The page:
Hiring teachers for your school is an important and sometimes difficult task. The process can be long and daunting when you have to look over qualifications, call references, and conduct criminal record checks. Oftentimes, with all of this on the hiring to-do list, the idea of inclusive hiring is left behind.
No matter how open-minded and accepting one might aim to be, the hiring process is fraught with bias. As HR professionals, we have a responsibility to think about our own biases when it comes to how we hire teachers and reflect on how we review and interview candidates.
Hiring the right candidate for your school is an important, yet challenging process. We want teachers who can fit into an established culture and produce learning results, all while being a good role model for students.
After all, who we hire has a direct impact on the growth, development, and results of our school and students. We want our school to have the best teachers possible, but also be full of diverse thoughts, opinions, ideas, and people.
As a hiring manager or recruiter, it may be easy to look at one’s qualifications (experience, references, education) and decide who may or may not be a good fit. However, you might not realize that biases are influencing the way that you review and hire applicants.
Explicit bias: These are intentional biases. We are in control and consciously aware of them.
Example: “I won’t hire people of a certain religion.”
Implicit bias: These are unintentional biases. They exist sub-consciously, and we are unaware of them.
Example: A hiring manager with a preference for hiring candidates of one race over another without realizing it.
Understanding implicit bias
To make the hiring process more inclusive, it’s important to recognize those subconscious biases and take action. Implicit biases are learned stereotypes that you develop over time from the world we live in. There are many different varieties of implicit bias. These include:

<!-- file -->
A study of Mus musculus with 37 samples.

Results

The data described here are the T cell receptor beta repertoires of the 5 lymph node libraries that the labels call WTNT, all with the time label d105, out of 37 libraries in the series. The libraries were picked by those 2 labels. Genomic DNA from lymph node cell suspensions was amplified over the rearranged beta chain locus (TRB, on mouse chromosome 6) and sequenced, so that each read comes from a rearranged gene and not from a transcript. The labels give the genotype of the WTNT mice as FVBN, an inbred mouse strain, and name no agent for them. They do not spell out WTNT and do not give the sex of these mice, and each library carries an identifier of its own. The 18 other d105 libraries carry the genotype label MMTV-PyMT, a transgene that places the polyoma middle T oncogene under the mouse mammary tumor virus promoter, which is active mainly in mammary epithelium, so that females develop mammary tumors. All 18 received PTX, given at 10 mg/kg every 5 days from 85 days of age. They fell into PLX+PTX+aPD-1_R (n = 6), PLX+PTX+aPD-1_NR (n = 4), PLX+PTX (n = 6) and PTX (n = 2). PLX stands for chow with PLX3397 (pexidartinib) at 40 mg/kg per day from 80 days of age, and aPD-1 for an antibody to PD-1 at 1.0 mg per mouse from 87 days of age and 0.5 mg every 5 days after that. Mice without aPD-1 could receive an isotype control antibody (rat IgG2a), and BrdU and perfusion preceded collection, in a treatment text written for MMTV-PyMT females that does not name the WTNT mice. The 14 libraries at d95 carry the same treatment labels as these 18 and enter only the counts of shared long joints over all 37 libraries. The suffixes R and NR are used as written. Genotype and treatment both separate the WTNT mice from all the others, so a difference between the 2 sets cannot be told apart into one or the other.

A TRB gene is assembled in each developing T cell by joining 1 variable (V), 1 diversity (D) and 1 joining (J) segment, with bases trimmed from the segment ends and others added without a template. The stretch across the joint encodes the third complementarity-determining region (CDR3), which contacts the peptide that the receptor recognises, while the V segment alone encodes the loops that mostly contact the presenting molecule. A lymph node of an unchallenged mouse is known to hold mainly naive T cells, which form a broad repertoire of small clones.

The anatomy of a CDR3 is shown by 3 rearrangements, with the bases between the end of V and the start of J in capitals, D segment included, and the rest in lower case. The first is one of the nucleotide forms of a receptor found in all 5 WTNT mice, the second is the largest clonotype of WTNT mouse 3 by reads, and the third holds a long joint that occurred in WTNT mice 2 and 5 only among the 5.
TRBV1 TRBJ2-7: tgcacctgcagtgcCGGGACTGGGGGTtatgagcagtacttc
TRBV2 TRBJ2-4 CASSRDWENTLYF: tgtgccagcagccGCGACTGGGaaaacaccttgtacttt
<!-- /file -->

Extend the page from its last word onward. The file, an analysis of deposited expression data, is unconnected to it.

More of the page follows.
- First Impressions Bias: This occurs when an interviewer makes a snap judgment about a candidate within seconds of meeting them.
- Affinity Bias: This is the tendency to want to work with someone we like, someone who is like us culturally, and someone who we can socialize with.
- Stereotype Bias: This occurs when the interviewer assumes a candidate has specific traits because they are a member of a certain group.
- Contrast Bias: This is the tendency to compare candidates to one other candidate.
- Gender Bias: This happens when there is an influence of gender on the assessment of candidates.
- Race Bias: This is the tendency to treat non-white candidates differently in interviews and assess them as less competent when the same qualifications are presented by white candidates.
- Halo Effect/Horn Effect: This can happen when you overly focus on one detail of a candidate’s background – college, hometown, work history, personal background, etc. The Halo Effect is when you focus on one positive detail while the Horn Effect is when you focus on one negative detail.
Understanding your own implicit biases is essential during your day-to-day life because recognizing a problem is the first step to being able to solve it. Bias recognition during the teacher hiring process is also incredibly important because you want to hire the best people for the job, no matter what. Next – learn how to reduce and hopefully remove bias in your school’s hiring process!